The Corpus Christi producer seems to be on a never-ending mission to get people partying around the clock. He’s the self-defined forefather of electronic cumbia, an enclave of the music scene from his region, part of the Locos Only crew, and someone who seems unable to stand still. He’s one of the most promising Latino artists in the U.S. right now, proof being his signing to Aftercluv Dance Lab, a subsidiary of Universal Music Latin. He has already made strides in the world of mainstream music with a bona fide hit single, the EDM-addled tribal stomper “Trapanera.” For his next trick, he’s releasing a remix EP of that song to further reaffirm his legacy.

“Trapanera” showcases many of the elements that have come to define the broad style practiced by El Dusty. In addition to tribal (aided by Erick Rincón of 3BallMTY, no less), the track features trap beats, bass drops, and festival-size ambiance. It’s an ambitious combination that pays off in a big way.

The remixes presented here further demonstrate the eclecticism of Dusty Oliveira’s melodic and instrumental work. Bang x Zee give us an energetic take on the track, with similar changes in beat and style but never treading the same waters as Dusty. Another rework by Freaky Phillip further blurs the differences between tribal and modern dance music. Fautre adorns “Trapanera” with a swinging reggaeton beat that can fill the dancefloor in seconds, while Ghetto Vanessa relishes in a trappy cumbia beat.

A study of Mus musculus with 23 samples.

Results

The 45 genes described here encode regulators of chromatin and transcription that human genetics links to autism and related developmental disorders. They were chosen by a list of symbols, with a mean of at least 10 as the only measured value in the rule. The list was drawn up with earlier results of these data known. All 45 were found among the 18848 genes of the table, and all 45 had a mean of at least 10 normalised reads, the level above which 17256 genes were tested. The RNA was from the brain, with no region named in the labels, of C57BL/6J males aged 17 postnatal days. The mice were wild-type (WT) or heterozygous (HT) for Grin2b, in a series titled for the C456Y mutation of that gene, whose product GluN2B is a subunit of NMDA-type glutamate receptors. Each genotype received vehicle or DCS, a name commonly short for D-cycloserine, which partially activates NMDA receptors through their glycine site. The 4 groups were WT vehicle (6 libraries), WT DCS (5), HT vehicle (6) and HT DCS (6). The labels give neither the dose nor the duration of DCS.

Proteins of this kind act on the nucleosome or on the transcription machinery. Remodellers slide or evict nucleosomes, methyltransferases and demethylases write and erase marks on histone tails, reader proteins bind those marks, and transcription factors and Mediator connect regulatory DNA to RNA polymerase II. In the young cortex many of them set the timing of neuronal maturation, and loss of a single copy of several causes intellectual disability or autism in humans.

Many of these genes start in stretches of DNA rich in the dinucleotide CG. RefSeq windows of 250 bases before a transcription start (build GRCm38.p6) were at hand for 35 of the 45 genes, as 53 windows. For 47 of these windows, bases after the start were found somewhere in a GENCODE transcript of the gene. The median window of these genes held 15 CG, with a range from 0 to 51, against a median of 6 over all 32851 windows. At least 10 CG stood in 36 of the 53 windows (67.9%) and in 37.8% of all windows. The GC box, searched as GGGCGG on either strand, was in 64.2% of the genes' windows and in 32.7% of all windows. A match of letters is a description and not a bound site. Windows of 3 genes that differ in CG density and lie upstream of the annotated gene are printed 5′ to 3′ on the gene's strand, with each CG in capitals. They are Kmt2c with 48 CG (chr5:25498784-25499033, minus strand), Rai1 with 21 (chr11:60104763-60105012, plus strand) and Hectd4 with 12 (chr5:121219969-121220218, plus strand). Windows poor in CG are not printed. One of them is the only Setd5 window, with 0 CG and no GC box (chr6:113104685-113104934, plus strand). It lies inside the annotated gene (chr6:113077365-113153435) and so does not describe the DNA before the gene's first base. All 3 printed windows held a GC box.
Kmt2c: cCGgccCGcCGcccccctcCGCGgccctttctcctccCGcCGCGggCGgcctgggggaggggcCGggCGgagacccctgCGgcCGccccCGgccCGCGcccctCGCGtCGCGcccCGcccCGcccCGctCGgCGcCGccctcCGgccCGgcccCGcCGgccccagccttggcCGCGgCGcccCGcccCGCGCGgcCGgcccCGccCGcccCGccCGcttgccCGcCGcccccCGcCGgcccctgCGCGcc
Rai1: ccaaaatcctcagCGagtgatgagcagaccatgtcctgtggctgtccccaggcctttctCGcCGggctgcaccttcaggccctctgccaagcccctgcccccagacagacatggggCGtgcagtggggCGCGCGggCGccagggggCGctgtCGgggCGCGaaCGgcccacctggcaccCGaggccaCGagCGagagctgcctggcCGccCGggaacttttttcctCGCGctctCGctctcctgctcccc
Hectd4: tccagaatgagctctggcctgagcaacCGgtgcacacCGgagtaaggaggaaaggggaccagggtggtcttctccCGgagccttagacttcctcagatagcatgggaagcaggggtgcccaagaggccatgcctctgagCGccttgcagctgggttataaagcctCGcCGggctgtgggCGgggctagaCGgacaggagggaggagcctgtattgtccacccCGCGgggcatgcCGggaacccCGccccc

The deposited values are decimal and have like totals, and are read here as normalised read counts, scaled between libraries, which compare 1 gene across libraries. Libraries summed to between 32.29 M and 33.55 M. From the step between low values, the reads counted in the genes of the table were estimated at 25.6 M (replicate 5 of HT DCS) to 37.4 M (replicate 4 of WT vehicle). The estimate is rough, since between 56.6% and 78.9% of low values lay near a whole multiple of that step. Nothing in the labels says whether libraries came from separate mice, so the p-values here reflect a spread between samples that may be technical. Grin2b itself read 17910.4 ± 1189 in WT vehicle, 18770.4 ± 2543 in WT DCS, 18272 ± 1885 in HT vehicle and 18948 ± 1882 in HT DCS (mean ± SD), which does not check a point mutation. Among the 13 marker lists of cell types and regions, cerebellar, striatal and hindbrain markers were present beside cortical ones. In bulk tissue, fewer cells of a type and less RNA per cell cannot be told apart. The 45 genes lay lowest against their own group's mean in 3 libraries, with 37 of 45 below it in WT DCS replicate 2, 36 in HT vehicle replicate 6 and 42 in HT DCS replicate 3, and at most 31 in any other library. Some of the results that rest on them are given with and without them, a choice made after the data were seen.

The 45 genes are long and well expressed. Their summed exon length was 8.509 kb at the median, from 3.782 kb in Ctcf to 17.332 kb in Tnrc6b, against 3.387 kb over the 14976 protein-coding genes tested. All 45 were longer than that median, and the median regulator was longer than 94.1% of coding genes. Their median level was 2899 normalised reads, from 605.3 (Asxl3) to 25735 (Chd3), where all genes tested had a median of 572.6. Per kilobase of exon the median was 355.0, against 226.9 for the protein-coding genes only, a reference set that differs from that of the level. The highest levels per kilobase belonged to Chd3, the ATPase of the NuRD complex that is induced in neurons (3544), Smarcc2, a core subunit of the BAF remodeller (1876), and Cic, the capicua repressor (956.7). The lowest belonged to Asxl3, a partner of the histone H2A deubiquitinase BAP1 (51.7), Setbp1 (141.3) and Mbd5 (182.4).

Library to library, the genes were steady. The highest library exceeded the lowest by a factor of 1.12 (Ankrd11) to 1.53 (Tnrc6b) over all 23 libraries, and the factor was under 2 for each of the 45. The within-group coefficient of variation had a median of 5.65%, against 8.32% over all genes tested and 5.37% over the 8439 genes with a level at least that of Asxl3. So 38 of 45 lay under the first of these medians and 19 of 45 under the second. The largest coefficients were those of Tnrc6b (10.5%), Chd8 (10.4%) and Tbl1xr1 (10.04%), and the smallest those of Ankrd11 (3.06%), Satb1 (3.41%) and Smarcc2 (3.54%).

El Dusty 1

One of the most inspired reworks here is Angel Hunt’s take. Her verses and chorus stand out, as she drops rhymes in the former and sings a vocal hook in Spanglish in the latter. Her turn makes the track seem like it was tailor-made for her. Elsewhere, Happy Colors delivers some out-of-control vocal samples that bring out a new direction for the track. Muzik Junkies and Ricky Mears, for their part, go full EDM with their version, which isn’t so much of a stretch for El Dusty after all.

The artwork of the single could easily adorn the hood of a low rider, tying it to El Dusty’s participation in cholo culture. These remixes prove that even though the producer is a very well-defined figure, he has scope and everything needed to conquer the broader public. “Trapanera” has further cemented itself as a hit in the ears of dancers everywhere, a song that can easily become a party starter or party stopper.